Soaking in warm water four times a day for several days usually provides some relief and causes the abscess to open and drain on its own. However, the opening is usually very small and closes quickly, before drainage is complete.
A small surgical cut can completely drain the abscess. This provides the greatest relief and the fastest recovery. The procedure can be done under local anesthesia in a doctor’s office. A catheter (tube) may be used to continue to allow draining while the area heals.
Antibiotics may be prescribed, but they are not usually needed if the abscess is drained properly.
Women who have repeated abscesses may consider a procedure called marsupialization. The procedure involves surgically creating a small, permanent opening to help the gland drain. Women with large, persistent Bartholin’s cysts may also have this procedure.
Your health care provider may recommend that the glands be removed if abscesses keep coming back.
The chance of full recovery is excellent. About 10% of the time, abscesses recur.
It is important to treat any vaginal infection that may be diagnosed at the same time as the abscess.
A chronic Bartholin’s duct cyst may develop if the fluid of the abscess is scraped off from the surrounding tissue. In women over the age of 40, a swollen Bartholin’s gland may mean there is a cancerous tumor in the gland, although this is very rare.
Calling Your Health Care Provider
Call for an appointment with your health care provider if a painful, swollen lump is noted on the labia near the vaginal opening and does not improve with 2 – 3 days of home treatment. Call if pain is severe and interferes with normal activity.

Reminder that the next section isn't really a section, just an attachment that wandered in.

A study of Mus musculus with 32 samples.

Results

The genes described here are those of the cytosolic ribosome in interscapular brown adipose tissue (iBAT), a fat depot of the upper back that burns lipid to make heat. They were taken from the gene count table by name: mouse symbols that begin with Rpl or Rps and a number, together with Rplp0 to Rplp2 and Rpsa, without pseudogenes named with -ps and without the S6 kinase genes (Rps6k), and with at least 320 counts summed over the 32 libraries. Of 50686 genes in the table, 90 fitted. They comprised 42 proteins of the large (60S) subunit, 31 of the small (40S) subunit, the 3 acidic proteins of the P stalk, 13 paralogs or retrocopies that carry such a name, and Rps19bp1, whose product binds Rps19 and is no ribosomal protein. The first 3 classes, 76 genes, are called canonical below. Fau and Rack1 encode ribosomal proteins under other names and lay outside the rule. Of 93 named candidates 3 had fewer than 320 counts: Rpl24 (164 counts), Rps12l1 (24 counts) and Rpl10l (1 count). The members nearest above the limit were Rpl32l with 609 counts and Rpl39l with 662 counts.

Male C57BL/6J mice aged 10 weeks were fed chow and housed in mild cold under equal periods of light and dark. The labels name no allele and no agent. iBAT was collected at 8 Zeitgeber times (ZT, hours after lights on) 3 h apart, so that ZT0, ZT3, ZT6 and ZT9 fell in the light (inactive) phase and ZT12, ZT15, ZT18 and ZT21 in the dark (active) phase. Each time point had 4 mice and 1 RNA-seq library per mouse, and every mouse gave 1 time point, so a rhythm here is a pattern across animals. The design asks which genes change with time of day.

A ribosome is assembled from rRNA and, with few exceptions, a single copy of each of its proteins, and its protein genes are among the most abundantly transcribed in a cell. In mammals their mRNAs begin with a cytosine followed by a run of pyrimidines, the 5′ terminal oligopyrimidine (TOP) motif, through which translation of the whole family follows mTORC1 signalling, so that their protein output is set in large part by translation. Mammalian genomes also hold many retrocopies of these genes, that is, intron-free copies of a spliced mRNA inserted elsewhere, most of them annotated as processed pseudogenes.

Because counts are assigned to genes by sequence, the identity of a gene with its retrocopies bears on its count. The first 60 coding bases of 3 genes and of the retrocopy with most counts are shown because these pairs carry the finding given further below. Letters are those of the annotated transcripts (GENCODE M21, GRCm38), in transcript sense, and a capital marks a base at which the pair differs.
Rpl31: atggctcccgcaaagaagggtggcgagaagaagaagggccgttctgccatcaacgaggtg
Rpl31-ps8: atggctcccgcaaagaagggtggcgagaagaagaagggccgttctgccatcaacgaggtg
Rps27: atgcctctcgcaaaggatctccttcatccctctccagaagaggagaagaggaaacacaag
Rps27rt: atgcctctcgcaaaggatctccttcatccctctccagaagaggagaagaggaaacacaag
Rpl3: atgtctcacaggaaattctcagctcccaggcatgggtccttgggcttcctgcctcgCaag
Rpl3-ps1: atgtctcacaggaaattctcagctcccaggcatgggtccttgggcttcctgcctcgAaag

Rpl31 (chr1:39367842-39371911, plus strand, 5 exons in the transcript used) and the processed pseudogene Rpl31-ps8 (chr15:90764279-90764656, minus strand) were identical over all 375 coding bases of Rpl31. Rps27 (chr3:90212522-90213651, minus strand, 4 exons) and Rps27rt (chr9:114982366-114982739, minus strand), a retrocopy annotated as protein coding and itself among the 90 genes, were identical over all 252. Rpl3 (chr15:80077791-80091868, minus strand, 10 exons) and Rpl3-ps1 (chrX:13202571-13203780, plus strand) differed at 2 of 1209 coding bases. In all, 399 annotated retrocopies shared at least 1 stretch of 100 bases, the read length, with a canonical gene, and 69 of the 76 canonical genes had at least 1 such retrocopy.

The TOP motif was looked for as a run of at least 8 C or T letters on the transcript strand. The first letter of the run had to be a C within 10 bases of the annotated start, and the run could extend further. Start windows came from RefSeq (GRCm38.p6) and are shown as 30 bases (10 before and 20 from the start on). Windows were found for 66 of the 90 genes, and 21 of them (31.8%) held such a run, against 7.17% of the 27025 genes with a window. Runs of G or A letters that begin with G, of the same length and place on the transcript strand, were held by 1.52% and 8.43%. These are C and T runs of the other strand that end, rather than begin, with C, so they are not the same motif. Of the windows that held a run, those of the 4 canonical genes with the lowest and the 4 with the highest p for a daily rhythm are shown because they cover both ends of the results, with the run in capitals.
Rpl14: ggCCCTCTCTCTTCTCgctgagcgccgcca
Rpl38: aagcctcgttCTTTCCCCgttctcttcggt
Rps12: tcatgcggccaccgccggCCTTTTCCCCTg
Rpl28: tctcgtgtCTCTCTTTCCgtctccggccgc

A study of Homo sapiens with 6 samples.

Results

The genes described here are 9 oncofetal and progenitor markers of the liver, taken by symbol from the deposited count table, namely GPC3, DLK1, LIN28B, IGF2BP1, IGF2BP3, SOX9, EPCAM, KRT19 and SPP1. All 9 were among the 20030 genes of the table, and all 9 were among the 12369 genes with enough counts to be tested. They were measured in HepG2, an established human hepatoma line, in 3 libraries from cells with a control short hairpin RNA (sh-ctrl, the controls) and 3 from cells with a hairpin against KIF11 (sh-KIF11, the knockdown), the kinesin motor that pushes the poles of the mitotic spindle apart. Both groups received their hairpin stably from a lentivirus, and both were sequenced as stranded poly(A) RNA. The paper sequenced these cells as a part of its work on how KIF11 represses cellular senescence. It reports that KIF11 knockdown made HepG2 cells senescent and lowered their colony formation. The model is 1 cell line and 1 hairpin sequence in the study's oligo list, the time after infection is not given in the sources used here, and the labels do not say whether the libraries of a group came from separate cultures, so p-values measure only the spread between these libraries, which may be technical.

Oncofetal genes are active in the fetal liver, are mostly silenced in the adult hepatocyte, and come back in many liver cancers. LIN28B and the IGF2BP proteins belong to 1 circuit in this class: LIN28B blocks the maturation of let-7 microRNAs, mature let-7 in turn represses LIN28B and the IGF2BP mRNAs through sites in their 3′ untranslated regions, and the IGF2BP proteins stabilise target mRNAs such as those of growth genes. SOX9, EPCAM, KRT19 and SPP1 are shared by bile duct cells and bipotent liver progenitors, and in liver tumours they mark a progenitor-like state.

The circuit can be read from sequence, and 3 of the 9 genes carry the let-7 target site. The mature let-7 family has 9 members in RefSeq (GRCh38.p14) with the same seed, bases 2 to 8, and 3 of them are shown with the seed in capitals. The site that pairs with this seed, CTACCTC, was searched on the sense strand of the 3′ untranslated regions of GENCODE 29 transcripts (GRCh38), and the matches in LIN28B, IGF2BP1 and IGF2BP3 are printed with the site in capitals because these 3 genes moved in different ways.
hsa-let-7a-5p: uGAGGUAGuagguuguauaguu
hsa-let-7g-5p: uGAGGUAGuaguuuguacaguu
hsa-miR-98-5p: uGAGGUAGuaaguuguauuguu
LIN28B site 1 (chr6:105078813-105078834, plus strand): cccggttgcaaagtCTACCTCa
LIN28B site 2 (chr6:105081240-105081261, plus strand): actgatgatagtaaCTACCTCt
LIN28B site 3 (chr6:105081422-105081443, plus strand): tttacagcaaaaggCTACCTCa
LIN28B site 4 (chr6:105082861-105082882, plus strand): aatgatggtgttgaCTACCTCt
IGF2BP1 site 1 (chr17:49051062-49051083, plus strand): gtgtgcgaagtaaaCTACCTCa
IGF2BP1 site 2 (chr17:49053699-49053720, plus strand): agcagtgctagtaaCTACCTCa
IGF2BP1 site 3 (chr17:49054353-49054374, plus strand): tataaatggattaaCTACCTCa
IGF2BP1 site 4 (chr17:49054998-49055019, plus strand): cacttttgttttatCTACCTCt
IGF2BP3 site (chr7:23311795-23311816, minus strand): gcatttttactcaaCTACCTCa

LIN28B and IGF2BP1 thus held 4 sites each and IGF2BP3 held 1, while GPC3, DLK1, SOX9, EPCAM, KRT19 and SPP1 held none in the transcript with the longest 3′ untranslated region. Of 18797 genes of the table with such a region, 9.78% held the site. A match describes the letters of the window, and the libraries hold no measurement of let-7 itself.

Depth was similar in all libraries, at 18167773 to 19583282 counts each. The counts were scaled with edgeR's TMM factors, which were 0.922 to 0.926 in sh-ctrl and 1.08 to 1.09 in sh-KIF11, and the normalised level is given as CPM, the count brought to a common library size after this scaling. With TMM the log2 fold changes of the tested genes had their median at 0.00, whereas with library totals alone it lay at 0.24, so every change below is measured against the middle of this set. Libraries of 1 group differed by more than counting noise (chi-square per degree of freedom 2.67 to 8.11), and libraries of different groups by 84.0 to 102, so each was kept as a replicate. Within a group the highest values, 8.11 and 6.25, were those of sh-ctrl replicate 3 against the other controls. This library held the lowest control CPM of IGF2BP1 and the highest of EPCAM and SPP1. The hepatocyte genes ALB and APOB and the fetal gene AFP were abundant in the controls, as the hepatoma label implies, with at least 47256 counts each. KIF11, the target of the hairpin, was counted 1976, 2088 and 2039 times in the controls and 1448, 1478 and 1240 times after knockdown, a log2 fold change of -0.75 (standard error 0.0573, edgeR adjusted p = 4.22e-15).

Call your health care provider if you develop a fever higher than 100.4 degrees Fahrenheit.
Bartholin’s abscess : Overview, Causes, & Risk Factors
Bartholin’s abscess : Symptoms & Signs, Diagnosis & Tests
Bartholin’s abscess : Treatment
Review Date : 8/1/2008
Reviewed By : Linda Vorvick, MD, Seattle Site Coordinator, Maternal & Child Health Lecturer, Pathophysiology, MEDEX Northwest Division of Physician Assistant Studies, University of Washington School of Medicine; Susan Storck, MD, FACOG, Clinical Teaching Faculty, Department of Obstetrics and Gynecology, University of Washington School of Medicine; Chief, Eastside Department of Obstetrics and Gynecology, Group Health Cooperative of Puget Sound, Redmond, WA. Also reviewed by David Zieve, MD, MHA, Medical Director, A.D.A.M., Inc.